Sheriff Darryl Daniels says he needs millions to hire deputies


The workshop took place from 4-7 p.m. in the Board of County Commissioners Meeting Room on the fourth floor of the Clay County Administration Building on Houston Street.

Last week, Sheriff Darryl Daniels and Superintendent Addison Davis told the Clay County Commission that they needed millions of dollars to hire enough deputies to put a resource officer in every school.

At the beginning of Wednesday's workshop, Daniels and Davis explained to Clay County school board members and county commissioners what was needed to fill the mandatory positions for the start of next school year. 

The sheriff then learned he will not be able to hire 30 people by Tuesday, as he had planned, because he doesn't know where the funding will come from. 

There was some discussion about whether Orange Park and Green Cove Springs police could provide school resource officers for their schools, but the consensus was that the same per officer cost would be there.

No decision will be made Wednesday about where the money will come from for the officers.

"Today was just about collaboration for us to get in front of each other and talk about our financial needs as a county, from a school district and also from a county's perspective" Davis told News4Jax after the workshop. "I think we have a clear vision in reference to what we have to do as a school district. I know we will have to see, look at what additional reserves and revenues we can generate in order to make this happen."

The school board will meet Monday to discuss funding options and try to come to a decision on how to proceed.

The county commission will add the topic to the agenda for Tuesday's meeting. The commission could propose a loan with a jurisdictional agreement, but the money would have to be paid back.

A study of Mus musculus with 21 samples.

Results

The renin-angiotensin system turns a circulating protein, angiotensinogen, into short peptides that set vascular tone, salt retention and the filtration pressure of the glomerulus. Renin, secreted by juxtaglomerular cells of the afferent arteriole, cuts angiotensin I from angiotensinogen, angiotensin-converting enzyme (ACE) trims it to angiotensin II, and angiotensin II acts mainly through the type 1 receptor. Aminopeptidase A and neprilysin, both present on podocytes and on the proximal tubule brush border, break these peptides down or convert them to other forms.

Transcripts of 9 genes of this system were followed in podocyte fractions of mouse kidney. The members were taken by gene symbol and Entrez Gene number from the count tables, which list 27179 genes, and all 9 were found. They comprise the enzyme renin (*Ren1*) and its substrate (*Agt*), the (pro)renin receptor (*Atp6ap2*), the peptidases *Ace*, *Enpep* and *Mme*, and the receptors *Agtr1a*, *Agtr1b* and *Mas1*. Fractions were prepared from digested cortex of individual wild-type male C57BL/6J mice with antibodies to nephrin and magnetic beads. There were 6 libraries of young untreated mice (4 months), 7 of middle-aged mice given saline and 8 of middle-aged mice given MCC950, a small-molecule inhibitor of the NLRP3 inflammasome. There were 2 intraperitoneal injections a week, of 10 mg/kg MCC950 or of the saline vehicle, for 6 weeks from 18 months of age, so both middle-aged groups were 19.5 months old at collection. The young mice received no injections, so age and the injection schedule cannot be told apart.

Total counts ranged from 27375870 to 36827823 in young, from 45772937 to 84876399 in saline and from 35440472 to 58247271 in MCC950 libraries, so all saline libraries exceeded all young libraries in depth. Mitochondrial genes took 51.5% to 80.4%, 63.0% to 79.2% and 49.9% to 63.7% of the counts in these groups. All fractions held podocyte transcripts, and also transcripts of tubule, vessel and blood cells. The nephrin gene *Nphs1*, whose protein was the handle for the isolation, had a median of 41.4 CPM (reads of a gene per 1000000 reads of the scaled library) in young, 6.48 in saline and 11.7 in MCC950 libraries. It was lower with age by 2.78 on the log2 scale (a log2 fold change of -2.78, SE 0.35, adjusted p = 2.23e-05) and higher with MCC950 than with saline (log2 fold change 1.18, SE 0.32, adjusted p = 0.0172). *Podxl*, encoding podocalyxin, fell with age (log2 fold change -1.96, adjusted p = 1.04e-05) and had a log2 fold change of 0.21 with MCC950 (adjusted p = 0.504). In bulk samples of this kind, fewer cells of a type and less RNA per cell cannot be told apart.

Daniels had previously told the Clay County Commission that he'll need an additional $4.5 million to hire 36 new deputies if he's going to assign one to every school in the district, as Florida law now requires.

Daniels said that any new hires would not be assigned to the schools but would instead replace veteran deputies who will be reassigned to work as school resource officers.

He said the exception would be if the new deputy had previous experience as a school resource officer. 

Daniels told the board the money to hire additional deputies was needed soon because of the new law requiring a school resource officer in every school by August, the start of the 2018-2019 school year. That gives his department less than four months to find, hire and train new deputies.

"I have to hire at least 30 individuals this month. And in June, 18 individuals to get the 48 deputies if we are going to go the route of putting a school resource officer in every school," Daniels previously told the board.

There are currently eight school resource officers -- one at each high school and one at Bannerman Learning Center. There are also two sergeants, one lieutenant and one detective in a juvenile crime unit at Orange Park High School.

The Clay County School Board has already decided it does not want "guardians" -- trained school employees -- to carry guns in its schools. The board wants deputies to protect students.

Last month, Superintendent of Schools Addison Davis said it would cost $15 million to put a full-time deputy at every school in addition to "school hardening" measures. The state bill allocated money for extra security to each county, but the budget provides only $2.5 million to Clay County for that purpose.

Davis told commissioners he supports the sheriff's budget request, saying the school district already has a $3 million deficit. 

For decades, Clay County school leadership has repeatedly asked for more funding from the county and taxpayers due to rapid growth. In 2003, Clay County voters rejected a half-cent sales tax increase that would have gone directly to the school district. 

Clay County Commission Chairman Gavin Rollins told News4Jax that the money for the additional deputies will be found, despite already pulling nearly $12 million from county reserves in the current budget year due to costs incurred after Hurricane Irma.